Darcy Regier made the message perfectly clear, abandoning his propensity for subtlety and getting right to the point. It was delivered last week after the Buffalo Sabres signed Derek Roy to a six-year deal worth $24 million, a contract that more than anything outlined the dangers of trickle-down NHL economics.
Roy in the first year will receive a 480 percent raise over last season, and Regier immediately said he expects more production. It sounded fair. General managers should demand bang for the buck. But who takes the blame when an organization pays too much for a player?
The Sabres overpaid Roy, plain and simple, with the idea he'll become a bargain at $5.5 million at the end of the deal. It's hard to imagine him getting substantially better, but we'll see. His stock soared this summer even though he didn't play a shift. He was heading into arbitration prepared to make a valid case as the second-best center on the roster behind Tim Connolly. Buffalo faced the very real possibility of getting clobbered.
Roy had the hammer, but only because the Sabres handed it to him. It goes back to their mishandling of Chris Drury and Daniel Briere. The saga long ago grew tiresome for Sabres fans, but its effects aren't going away. The organization for years will be paying, or overpaying, for that series of blunders.
See, had they followed through on the tentative agreement reached last fall that would have paid Drury $21.5 million over four years, and had they satisfied Briere with a five-year extension worth $25 million, Roy would have been the least of their problems. He would have been their fourth-best center, a replaceable player on a stacked team.
Not happy? Take a dive.
The Sabres also could have established the market price for their own players rather than have the league do it for them. How? You get Drury and Briere signed in the $5 million range, acceptable for both players. You reference their contracts while aggressively pursuing Vanek long before he hits the market. It would have been the Sabres' contribution to cost certainty.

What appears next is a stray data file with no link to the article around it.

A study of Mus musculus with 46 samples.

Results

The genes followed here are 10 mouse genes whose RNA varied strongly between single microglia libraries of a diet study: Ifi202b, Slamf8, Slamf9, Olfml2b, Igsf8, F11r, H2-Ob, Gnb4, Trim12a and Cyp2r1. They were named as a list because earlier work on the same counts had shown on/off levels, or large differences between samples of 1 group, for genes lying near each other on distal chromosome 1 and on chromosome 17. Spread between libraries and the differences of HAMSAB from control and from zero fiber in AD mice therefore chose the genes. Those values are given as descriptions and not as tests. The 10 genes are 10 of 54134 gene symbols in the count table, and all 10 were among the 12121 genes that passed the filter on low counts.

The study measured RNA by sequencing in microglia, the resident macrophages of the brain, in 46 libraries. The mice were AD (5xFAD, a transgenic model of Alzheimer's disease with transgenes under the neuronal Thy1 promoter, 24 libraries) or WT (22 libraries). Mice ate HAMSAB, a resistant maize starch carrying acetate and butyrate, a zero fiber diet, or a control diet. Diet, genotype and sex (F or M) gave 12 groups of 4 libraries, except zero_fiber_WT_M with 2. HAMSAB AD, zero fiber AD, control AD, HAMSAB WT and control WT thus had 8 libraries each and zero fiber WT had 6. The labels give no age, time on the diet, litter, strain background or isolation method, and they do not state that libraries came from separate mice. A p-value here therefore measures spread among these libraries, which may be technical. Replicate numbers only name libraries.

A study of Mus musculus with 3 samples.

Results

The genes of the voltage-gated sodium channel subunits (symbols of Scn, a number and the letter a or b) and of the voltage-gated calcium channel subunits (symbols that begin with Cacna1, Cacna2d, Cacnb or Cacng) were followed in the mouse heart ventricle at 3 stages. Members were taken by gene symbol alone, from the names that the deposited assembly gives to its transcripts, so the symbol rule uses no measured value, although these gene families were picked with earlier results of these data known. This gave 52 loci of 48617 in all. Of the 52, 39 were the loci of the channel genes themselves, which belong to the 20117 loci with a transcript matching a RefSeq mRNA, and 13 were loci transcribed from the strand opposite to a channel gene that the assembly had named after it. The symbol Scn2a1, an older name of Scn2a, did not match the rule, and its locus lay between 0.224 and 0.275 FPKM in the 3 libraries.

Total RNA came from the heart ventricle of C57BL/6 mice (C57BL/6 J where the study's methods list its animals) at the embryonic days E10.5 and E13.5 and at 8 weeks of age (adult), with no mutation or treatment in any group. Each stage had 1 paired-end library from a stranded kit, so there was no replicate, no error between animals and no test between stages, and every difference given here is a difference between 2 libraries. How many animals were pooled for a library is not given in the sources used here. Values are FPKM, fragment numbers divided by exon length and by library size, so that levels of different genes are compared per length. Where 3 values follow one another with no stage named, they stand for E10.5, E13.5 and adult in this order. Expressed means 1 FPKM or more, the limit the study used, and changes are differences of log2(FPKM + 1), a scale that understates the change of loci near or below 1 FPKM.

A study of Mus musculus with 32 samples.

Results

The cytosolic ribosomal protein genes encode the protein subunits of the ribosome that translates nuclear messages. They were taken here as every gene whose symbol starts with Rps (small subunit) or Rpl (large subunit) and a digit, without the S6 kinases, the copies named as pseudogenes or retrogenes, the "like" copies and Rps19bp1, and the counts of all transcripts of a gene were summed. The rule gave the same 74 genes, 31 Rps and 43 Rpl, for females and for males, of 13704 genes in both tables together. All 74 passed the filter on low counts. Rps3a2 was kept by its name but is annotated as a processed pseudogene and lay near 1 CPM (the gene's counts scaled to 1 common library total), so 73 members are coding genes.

At the very least, Buffalo would have had options before getting Vanek's seven-year contract worth $50 million forced halfway down their esophagus. Who would have blamed them, with Drury and Briere locked up, for walking away and taking four first-round picks from Edmonton? Certainly not me.
For a team quick to blame others for jacking up salaries, the Sabres did a pretty good job themselves.
They also didn't do Vanek and Roy any favors. They'll get their money, but it comes at a price. You want to make big-time dough? Become big-time players. Vanek has potential, but expectations for him will be through the roof. Roy is a solid player, but he was fortunate to play between Vanek and Maxim Afinogenov.
While the Sabres expect more from them in the coming months, the two forwards should expect a steady dose of top checking lines. Vanek had 43 goals and 84 points last season while Roy had 21 goals and 63 points. Both were among the NHL's top five in plus-minus. Equaling those numbers on this team would be a major accomplishment.
Regier knows that as much as anyone. For all the mistakes he's made over the years, he's certainly no dummy. He's taken his share of lumps that come with being a general manager. Perhaps his hands were tied so tight he couldn't perform his duties the way he saw fit. But if he's compromised to that degree, why would he want the job?
Ultimately, he was caught in the middle of trickle-down NHL economics. Everybody knows how it flows. It starts at the top.